Recent debate surrounding the spiritual nature of yoga has introduced a frequent question: "Are Muslims not allowed to practice yoga?" The question is a difficult one in the sense that depending on who you ask, you will likely receive different answers.
Yoga's Religious Roots
Yoga is an ancient Indian practice, and is linked to Hinduism.Yoga is not only a series of stretches and exercises, it is also a spiritual practice. In traditional Indian yoga practice, yoga asanas and prayers come together into a meditative practice. Of course, in most modern contexts, practicing yoga means connecting to your own personal inner energy, with no mention whatsoever of a particular religion, spiritual domain, or a particular god.
Yoga has spread quickly throughout the world in the last 25 years, partially due to its universal appeal. It can be performed by people of all religious beliefs, because the intent is to enhance an individual's personal spirituality. While some people may choose a deeply devout path of Kundalini Yoga with its Hindu foundation, others may enhance their Christian views with a specialized yoga practice featuring asanas and psalms together, such as the practice offered by Nancy Roth.
In the Middle East, many Muslim women practice yoga safely and without being hassled.
In recent years, developments in Malaysia and Egypt have been publicized, revealing religious edicts proclaiming that Muslims should not practice yoga. The reasoning behind this is that yoga is a Hindu tradition, and because of this, cannot be practiced by Muslims.
Many opponents to this line of thinking claim that in yoga classes where the religious roots are not discussed and not emphasized, that yoga practitioners have no reason to even know that yoga stems from a Hindu religious tradition. If yogis do not even realize that yoga has religious roots, many argue that there is no harm in practicing yoga, even as a believer in a different religion other than Hinduism.
Conservatives opposed to yoga believe Muslims practicing it perform a sacrilegious act, even if individuals are unaware of yoga's Hindu roots.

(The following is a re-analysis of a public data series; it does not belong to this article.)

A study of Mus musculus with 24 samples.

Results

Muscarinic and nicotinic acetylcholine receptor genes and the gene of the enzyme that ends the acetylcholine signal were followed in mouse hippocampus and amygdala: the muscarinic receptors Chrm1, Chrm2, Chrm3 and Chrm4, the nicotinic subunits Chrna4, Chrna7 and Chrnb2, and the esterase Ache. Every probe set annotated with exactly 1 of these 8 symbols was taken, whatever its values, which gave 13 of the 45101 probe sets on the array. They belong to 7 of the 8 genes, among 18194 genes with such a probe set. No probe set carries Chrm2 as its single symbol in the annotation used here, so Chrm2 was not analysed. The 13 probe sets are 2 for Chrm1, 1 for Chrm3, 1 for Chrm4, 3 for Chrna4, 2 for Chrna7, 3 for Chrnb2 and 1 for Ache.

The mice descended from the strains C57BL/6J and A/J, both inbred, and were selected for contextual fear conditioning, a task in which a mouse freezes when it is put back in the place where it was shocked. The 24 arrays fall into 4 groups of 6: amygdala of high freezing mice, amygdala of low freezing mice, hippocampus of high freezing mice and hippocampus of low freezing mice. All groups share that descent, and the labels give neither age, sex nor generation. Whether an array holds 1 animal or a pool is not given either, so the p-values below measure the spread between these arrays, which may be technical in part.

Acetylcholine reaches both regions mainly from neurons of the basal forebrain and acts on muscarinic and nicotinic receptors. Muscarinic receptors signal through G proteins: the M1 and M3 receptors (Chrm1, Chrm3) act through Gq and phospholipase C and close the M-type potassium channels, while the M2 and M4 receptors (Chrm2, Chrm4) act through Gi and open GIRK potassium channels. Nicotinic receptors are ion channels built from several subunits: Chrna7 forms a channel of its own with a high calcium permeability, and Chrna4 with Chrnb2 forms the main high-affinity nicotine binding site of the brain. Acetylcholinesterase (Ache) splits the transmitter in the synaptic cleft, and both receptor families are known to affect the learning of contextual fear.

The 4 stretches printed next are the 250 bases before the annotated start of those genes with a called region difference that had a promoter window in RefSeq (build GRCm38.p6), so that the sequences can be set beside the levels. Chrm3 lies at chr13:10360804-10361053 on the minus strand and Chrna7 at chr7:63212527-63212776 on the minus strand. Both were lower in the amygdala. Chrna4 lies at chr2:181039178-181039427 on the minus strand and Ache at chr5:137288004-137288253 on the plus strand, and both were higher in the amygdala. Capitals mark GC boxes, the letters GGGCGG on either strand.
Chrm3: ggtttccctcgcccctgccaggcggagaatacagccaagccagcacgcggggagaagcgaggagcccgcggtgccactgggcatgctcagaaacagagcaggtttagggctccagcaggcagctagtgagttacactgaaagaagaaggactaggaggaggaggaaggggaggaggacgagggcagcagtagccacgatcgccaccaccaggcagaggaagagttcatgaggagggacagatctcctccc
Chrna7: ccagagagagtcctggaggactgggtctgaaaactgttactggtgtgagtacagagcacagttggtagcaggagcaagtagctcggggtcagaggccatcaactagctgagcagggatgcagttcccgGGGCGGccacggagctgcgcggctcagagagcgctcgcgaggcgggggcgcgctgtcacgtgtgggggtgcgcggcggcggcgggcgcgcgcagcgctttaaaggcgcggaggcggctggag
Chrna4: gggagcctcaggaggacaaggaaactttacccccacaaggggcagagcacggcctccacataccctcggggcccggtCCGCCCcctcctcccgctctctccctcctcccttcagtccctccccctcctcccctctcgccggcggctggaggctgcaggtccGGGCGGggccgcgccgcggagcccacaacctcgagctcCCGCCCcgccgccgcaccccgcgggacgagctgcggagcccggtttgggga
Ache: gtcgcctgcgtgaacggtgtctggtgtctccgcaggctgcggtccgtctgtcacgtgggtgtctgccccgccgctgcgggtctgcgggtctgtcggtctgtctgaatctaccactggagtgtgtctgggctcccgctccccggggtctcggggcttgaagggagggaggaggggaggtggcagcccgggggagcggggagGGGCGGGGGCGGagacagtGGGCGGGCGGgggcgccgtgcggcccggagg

Are Muslims Not Allowed to Practice Yoga?
The 2008 article, Should Pious Muslims Practice Yoga, printed in The Times, offers an interesting insider view from the Middle East. The writer, having practiced yoga for years, speculates on what might happen in Muslim communities with yoga studios following the controversy surrounding the conservative religious view that Muslims should not practice yoga. This view could cause harassment of yogis and yoga teachers, not to mention destruction or defacement of properties where yoga studios have been established. To date, the religious edicts claiming that Muslims should not practice yoga have caused very little violence and damage.
In 2009, the yoga guru Swami Ramdev made a revolutionary statement regarding Muslims practicing yoga. He suggests a 'fill-in-the-blank' approach: yogis of any faith can chant whatever they wish during yoga meditation, which is the part of practice considered by most to be religious. Ramdev maintains that Christians can chant "God" instead of "Om" and that Muslims, likewise, can chant "Allah". While many yogis and yoga spokespeople claim that yoga can simply be practiced without the meditation and chanting elements, Ramdev states that the chanting is not definitively Hindu.
More of his philosophy concerning Muslims practicing yoga can be found on the blog Yoga Dork and further elaborates on the non-denominational aspect of yoga. His encouraging yogis to choose their chant really highlights the non-religious nature of yoga, despite its religious origins.
It is still a common question though to hear one ask, "Are Muslims not allowed to practice yoga?" Because of the recent press on the question, many people inquire about the issue, simply out of curiosity. The fact of the matter is that many Muslims do indeed practice yoga, and consider themselves pious in their beliefs.